Five items in total…
“Pierce argues that an outgrowth of people’s natural feelings of racial identification and favoritism is to segregate themselves from other people, to live among their own in the ways they prefer. That is their normal impulse. That way of living has been typical throughout the history of humankind. It may seem a good idea for people to live mixed up with other peoples, but it doesn’t work as well as we have been told that it does, and it isn’t inherently a superior or a more elevated way to live. Living amid so-called diversity is not the only legitimate, morally acceptable, way to live, and hardly an urgent moral imperative. It is only in recent years that whites have been pressured to think in those terms.” – Robert S. Griffin, Ph.D., “William Pierce (and me) on racism” – Occidental Observer, July 11th, 2021.
“It is perfectly logical and appropriate to consider the outside of the packages that make up different humans because in the case of humans the package is an integral part of what is inside. Skin color comes from the genes and is part of the DNA code. And it does give an indication of the content of the character of the individual, since that same DNA code also determines the personality and other characteristics of the brain…” – Kevin Alfred Strom, “You can’t convert non-Whites into Whites – so stop trying” – National Vanguard, July 13th, 2021.
“Race norming was a practice that arose as part of the tortured history of affirmative action. Supreme Court decisions of the early 1970s banned the use of employment criteria that had a ‘disparate impact,’ which means that they weeded out more non-whites than whites. For example, in the past, many police and fire departments would not consider a job applicant who had been dishonorably discharged from the military, but since blacks were more likely to receive dishonorable discharges than whites, this had a ‘disparate impact’ and was therefore found unconstitutional.” – Jared Taylor, “Grading on the curves” – American Renaissance, August 2003 – re-posted July 25th, 2021.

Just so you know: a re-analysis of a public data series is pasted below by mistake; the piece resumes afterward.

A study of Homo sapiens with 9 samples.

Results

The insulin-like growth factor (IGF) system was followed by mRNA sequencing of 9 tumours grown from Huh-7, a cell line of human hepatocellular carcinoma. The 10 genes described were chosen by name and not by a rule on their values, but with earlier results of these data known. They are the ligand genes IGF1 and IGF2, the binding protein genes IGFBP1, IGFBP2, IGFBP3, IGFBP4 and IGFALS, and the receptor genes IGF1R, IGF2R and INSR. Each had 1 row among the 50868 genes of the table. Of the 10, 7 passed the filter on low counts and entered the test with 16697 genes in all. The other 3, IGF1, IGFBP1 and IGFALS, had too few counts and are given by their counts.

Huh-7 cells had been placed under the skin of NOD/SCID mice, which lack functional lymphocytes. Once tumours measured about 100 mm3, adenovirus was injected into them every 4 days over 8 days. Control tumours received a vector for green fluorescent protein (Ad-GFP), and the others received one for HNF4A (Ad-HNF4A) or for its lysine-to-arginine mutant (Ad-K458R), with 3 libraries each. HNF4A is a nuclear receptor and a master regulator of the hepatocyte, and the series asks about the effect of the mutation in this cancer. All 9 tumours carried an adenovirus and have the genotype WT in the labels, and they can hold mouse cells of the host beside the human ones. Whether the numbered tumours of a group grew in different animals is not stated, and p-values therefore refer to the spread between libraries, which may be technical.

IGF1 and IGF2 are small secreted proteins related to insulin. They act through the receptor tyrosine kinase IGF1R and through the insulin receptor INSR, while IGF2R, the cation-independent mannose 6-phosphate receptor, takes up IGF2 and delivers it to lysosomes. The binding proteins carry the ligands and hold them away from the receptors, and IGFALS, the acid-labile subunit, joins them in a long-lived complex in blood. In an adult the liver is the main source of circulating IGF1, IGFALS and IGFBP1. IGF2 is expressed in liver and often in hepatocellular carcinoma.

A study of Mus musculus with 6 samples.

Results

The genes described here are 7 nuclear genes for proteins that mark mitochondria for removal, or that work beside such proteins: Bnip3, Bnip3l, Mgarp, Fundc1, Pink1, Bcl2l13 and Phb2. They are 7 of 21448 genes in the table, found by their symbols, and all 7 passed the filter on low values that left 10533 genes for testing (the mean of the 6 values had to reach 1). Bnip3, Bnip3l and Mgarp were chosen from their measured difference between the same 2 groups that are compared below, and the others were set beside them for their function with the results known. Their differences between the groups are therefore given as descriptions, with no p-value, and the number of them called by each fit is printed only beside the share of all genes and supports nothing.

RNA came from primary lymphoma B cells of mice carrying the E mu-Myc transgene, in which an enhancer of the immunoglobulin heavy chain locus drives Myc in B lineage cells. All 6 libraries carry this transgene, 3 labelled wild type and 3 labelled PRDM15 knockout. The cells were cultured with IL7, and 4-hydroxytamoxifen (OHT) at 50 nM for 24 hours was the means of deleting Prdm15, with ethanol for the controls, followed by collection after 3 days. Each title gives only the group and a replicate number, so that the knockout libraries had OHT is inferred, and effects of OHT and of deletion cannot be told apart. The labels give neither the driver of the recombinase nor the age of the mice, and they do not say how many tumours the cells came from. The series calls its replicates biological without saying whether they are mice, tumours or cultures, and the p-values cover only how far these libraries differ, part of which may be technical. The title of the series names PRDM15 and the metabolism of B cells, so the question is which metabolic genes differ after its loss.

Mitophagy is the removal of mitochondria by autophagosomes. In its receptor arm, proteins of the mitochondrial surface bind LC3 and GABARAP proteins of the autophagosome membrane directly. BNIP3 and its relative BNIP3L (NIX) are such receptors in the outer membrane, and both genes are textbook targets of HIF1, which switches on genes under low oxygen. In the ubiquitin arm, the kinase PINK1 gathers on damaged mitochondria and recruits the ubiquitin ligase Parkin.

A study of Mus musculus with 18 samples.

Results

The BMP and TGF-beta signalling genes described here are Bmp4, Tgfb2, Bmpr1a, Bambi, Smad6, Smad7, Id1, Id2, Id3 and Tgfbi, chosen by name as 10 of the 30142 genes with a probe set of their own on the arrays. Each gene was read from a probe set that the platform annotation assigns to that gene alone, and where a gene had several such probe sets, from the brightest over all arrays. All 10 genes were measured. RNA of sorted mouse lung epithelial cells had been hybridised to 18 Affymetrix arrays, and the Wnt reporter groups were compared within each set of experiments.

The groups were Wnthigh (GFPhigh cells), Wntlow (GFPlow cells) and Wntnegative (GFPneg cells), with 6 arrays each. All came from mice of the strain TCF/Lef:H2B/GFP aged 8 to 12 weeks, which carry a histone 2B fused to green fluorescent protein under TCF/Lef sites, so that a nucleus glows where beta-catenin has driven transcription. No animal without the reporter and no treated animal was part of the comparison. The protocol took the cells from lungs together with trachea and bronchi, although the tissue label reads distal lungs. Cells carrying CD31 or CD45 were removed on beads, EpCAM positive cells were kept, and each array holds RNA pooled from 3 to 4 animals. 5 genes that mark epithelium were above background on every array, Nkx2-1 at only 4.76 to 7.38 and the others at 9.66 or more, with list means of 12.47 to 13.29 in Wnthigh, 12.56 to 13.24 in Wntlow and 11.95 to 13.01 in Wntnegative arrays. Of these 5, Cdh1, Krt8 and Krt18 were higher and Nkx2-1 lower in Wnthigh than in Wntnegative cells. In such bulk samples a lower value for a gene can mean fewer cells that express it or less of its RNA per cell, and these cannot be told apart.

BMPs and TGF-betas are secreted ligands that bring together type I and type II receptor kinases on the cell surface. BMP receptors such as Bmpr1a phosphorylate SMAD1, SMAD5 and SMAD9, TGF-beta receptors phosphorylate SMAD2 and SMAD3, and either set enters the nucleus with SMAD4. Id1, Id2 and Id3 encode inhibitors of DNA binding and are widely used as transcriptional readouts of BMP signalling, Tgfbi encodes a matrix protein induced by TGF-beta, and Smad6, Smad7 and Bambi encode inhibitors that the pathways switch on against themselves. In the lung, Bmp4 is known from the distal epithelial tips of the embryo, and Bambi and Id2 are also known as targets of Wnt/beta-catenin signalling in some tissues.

“This summer marks the twentieth anniversary of a sequence of race riots in northern England that had a transformative effect on my worldview, and continues to exert a significant influence on how I see the world. More than Jewish historical fairy tales or Islamic terrorism, this was the primary moment of my political awakening. It was the first time I heard about ‘no-go’ areas dominated by foreign ethnic groups, the first time I learned about the activities of the British National Party, and the first time I gained an understanding of the fact that we are only ever a simple shift in context and circumstances away from explicit racial enmity.” – Andrew Joyce, Ph.D., “Remembering the 2001 English race riots” – Occidental Observer, July 3rd, 2021.
“All over the world, in churches, libraries, universities, streets, homes, and bedrooms, white ladies and gentlemen cherish the sacredness that comes from being quiet. The darker races wallow in noise… In the streets at all hours, they speak with vulgarity and crudeness, they blast repetitive cultural anthems from cheap speakers, flip-phones, and touchscreens. From their personal headphones come obnoxious and high-pitched sounds, and when they are not listening to music they are singing rudely in the street or humming audibly… Deliverymen broadcast their music from their bikes, scooters, and cars, while those with nothing to do sit outside, not in the deafening silence of unemployment but in the noise of music – music that glorifies looting, raping, and killing.” – Brown Noise – Bjorn Jansson, “American Renaissance”, July 22nd, 2021.